Everybody's got some sort of marketing plan. It may be a full-blown document that outlines each step you're going to take, a simple diagram on a napkin, or just some ideas and expectations in your head. The bad news is that your plan is broken. Or it soon will be.

Former heavyweight champ Mike Tyson once said something along the lines of "everybody's got a plan until they get hit." That's how it is with marketing plans.

You've got it all choreographed. "I'm gonna send out this email, release this report, and post a video to YouTube. My affiliates are gonna promote like crazy. It's all gonna go viral. Conservative estimate: I'll make $500,000. More likely, I'll make $1,000,000."

Then you get hit.

Your affiliates yawn. Nobody shares the video or report. Only 10% of your subscribers open your email, and only 1% click through. You sell $5 worth of product on the first day, and move on to something else.

Sure, that's the way it goes when your marketing plan is more of a daydream. But even the best plans often flop. Google Wave and Buzz flopped. Do you think it's because they didn't bother making a plan? I doubt it.

Plan, Meet Reality

A fighter may have devised a million devious ways to dodge and block Mike Tyson's punches, but unless he accounts for the hard reality of the ones that hit their marks, that plan's going to go out the window quick.

And even if you prepare for things that might go wrong, there's always something you won't foresee.

As Helmuth von Multke said, "No battle plan survives contact with the enemy."

So what's the point of planning?

Planning prepares you for the unexpected.

Dwight D. Eisenhower said, "Plans are nothing; planning is everything." In other words, even though most plans aren't likely to work as expected, the exercise of going through the planning process still makes all the difference. By carefully crafting a plan, you:

  • ...discover what assets you have.
  • ...get an idea of the kinds of challenges you may face.
  • ...prepare for the most obvious problems in advance.
  • ...create a solid starting point for your marketing campaign.

With all that done, you're prepared to reassess and adapt to whatever reality throws at you.

What's wrong with internet marketing plans?

It's easy to be an internet marketer. Depending on the approach you choose, you may not even have to build a website. And even if you do, it's a whole lot cheaper and easier than building a brick and mortar business.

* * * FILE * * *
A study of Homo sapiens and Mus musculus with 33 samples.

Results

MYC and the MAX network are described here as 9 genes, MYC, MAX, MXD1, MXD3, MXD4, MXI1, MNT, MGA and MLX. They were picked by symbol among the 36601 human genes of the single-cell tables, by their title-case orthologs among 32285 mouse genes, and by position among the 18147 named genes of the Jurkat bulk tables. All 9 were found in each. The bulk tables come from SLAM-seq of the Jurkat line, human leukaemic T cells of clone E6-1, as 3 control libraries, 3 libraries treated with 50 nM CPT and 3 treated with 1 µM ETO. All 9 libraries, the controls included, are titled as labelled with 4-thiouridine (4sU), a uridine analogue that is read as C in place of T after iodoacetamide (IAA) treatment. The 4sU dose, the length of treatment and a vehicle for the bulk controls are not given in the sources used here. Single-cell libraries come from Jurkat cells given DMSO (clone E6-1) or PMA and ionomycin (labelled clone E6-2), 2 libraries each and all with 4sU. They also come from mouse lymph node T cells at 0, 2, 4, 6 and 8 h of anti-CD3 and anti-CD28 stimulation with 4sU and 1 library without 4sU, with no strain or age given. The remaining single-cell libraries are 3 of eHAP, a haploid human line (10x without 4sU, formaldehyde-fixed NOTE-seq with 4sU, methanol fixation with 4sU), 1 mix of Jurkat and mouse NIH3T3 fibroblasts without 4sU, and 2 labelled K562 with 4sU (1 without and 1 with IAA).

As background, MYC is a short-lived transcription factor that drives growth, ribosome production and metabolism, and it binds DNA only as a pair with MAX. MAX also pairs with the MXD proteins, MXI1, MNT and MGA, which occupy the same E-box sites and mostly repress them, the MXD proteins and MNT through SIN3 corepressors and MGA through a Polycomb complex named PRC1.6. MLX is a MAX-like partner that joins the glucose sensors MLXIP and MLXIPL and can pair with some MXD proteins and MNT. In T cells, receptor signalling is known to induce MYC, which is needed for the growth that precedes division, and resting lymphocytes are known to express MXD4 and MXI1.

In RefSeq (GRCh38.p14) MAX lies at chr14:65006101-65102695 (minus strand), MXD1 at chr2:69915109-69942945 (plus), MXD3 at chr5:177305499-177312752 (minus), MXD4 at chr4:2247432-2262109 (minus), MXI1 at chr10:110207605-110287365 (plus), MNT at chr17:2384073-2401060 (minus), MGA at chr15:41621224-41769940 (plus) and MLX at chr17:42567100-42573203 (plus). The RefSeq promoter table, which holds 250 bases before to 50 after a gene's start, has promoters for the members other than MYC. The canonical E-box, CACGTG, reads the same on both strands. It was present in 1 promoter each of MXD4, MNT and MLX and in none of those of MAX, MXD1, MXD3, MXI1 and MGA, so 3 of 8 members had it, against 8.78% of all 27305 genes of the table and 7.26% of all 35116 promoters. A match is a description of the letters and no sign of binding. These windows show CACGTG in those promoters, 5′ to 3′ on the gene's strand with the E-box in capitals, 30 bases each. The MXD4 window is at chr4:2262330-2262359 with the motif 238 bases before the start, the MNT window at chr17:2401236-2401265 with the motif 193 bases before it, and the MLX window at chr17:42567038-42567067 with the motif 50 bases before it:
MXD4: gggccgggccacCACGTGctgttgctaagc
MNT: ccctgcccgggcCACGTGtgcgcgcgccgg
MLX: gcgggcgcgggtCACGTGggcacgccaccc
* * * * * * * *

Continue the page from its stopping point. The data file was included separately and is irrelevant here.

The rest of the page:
Because of this, many internet marketers rush in with pretty flimsy plans. If you were going to invest $200,000 to start a business, you'd be a lot more motivated to plan than if you only had to invest $200.

One common internet marketing plan goes like this:

  • Buy an "easy button" (an autoblogging script, a package of 10,000 Twitter followers, an email list, etc.).
  • Push it.
  • Make money.

Reality looks like this:

  • Buy an "easy button".
  • Push it.
  • Decide that it's broken.

...or maybe this:

  • Buy an "easy button".
  • Push it.
  • Google, or the FTC, or VISA...smashes the easy button.

So much for that plan.

Perhaps the problem with it isn't so much that the easy button was doomed to fail as that the marketer never had the slightest idea what was really going on. So they were completely unprepared to adapt and fix the part of the plan that didn't work. When the easy button broke, they had absolutely nothing.

The marketer mistook ease of entry for ease of success.

Success in the face of reality requires more. You've got to choose a viable market. You've got to get to know the market: what they want, where to contact them, how to talk to them, what they're willing to pay... You've got to differentiate yourself from the millions of other offers they're bombarded with every day. You may have the greatest product in the world -- the one that really works where everything else they've tried has failed. But until they have a good reason to believe it, why should they even give you the time of day?

Then you've got to make a plan -- not just a hope or a dream, but a plan based on you're best understanding of reality. You've got to look at what you're planning to do from the point of view of the potential customer.

If you're going to send a broadcast to your mailing list, how responsive are your customers likely to be? How have your open, click-through and purchase rates been for past promotions? Even if this is your best offer ever, it's not going to get a 50% open rate out of a 10% open rate list. If you typically get 10% opens, you're probably going to get about 10% opens. Reality.

If you're going to advertise on Google or buy banner space somewhere, put yourself in the customer's shoes. How often do you click on AdWords ads or banners? No matter how great your ad is, customers are going to click it about as often as they click all the other great ads out there. Reality.

If you've created an eBook or video designed to go viral, consider how often you share the eBooks and videos you see. Even if they're good. As a potential customer, would you really think yours is that much more worth sharing? Reality.

I'm not saying it's impossible to get high response rates. I'm saying that if you're following the typical formula for creating products and promotional materials, you can expect a typical response. Success generally requires going beyond the formula. If you face reality while making your plan, you'll have a chance to identify opportunities to stand out above the noise.

Your plan probably won't go as planned. But you'll get your foot in the door. And you'll be ready to improvise, take what's working a little bit, and drive it the rest of the way to the sale.